The Senate could not muster the votes to block a filibuster of the Climate Security Act and with that Harry Reid took the bill off the floor, ending any realistic prospect of passing the first global warming legislation of note.
To some degree this fate is a product of the polarized atmosphere, not just in our Congress, but throughout the country. With roughly 80% of our senators claiming to be creationists (who tend to disregard scientific conclusions), the “base” oriented Republicans could not accept the bill without risking the alienation of critical constituents, including powerful utility companies. (This is the reason that McCain distanced himself from the bill after sponsoring it’s predecessor six years ago.)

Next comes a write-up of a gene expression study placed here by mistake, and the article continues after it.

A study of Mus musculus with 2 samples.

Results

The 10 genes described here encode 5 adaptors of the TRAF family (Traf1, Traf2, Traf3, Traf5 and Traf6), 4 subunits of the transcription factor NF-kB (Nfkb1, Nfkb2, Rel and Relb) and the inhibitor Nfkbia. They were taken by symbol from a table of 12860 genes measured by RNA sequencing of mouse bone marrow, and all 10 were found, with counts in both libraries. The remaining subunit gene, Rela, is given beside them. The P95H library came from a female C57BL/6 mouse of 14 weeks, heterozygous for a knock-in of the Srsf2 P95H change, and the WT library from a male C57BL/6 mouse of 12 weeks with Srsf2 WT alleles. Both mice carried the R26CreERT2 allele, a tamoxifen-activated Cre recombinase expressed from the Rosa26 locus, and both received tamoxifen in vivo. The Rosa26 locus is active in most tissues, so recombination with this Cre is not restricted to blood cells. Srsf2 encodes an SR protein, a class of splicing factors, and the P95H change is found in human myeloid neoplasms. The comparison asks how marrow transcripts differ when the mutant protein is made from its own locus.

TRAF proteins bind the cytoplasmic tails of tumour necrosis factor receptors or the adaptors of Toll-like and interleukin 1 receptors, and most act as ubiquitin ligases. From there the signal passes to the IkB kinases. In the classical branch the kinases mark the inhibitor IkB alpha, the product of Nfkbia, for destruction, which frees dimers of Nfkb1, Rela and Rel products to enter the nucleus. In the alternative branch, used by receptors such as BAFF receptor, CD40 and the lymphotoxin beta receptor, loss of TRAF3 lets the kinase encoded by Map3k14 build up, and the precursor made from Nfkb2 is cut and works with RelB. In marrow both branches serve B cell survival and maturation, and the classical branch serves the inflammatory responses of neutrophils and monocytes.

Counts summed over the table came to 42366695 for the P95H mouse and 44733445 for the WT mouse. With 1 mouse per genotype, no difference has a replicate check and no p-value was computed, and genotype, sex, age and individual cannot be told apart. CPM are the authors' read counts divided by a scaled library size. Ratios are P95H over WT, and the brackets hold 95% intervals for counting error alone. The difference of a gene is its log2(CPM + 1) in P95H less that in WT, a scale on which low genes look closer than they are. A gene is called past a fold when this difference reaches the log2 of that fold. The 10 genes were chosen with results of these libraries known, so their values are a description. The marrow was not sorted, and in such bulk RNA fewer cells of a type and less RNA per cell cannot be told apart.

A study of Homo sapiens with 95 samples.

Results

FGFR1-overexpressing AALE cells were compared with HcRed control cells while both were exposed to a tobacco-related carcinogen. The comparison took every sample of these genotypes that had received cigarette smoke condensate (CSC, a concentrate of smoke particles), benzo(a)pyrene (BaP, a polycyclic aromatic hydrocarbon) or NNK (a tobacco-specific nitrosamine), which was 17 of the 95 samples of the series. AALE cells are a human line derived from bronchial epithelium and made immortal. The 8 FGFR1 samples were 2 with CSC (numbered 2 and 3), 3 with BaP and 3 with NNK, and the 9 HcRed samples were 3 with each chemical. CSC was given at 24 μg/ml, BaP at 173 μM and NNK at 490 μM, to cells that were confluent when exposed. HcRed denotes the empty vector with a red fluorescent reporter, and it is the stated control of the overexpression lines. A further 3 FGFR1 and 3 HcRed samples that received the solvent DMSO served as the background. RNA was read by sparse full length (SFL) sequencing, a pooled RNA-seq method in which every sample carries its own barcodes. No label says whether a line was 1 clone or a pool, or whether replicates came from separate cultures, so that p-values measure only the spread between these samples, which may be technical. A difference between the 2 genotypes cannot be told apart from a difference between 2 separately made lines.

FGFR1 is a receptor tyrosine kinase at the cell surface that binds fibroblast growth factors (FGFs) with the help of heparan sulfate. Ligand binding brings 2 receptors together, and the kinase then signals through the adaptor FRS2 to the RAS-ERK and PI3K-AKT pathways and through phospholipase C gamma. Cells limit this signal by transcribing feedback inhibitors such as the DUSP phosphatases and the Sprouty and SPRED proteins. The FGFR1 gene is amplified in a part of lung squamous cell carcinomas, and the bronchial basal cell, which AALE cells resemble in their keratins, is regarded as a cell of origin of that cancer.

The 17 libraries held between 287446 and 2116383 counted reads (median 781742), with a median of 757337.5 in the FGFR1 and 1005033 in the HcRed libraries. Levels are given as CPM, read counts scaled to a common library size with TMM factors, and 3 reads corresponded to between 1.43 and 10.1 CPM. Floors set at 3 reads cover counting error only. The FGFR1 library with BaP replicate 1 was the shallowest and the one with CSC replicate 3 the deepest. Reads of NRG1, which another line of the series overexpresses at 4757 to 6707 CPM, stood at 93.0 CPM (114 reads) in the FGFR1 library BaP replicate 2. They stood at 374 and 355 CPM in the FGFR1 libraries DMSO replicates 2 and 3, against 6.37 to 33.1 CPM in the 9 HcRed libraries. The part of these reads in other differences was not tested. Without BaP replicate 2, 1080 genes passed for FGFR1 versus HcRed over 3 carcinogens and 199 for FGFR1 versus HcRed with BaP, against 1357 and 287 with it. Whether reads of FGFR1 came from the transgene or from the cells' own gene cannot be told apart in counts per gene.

On the other hand the bill’s heavy backing of the nuclear industry alienated many environmental groups and several senators in favor of legislation addressing global warming risked alienating environmental interests for backing the bill as it was presented on the floor.
Before it became the captive to various interest groups Congress was regarded as a sort of milieu of compromise. Congressional leaders were people who could get deals done through astute negotiations and compromise. Now, with the various rating systems which rate according to yes or no votes on designated bills, the notion of succeeding through compromise is being replaced by evaluation according to the zealous advocacy of special interests. This is a good example of how the people fare in such a system.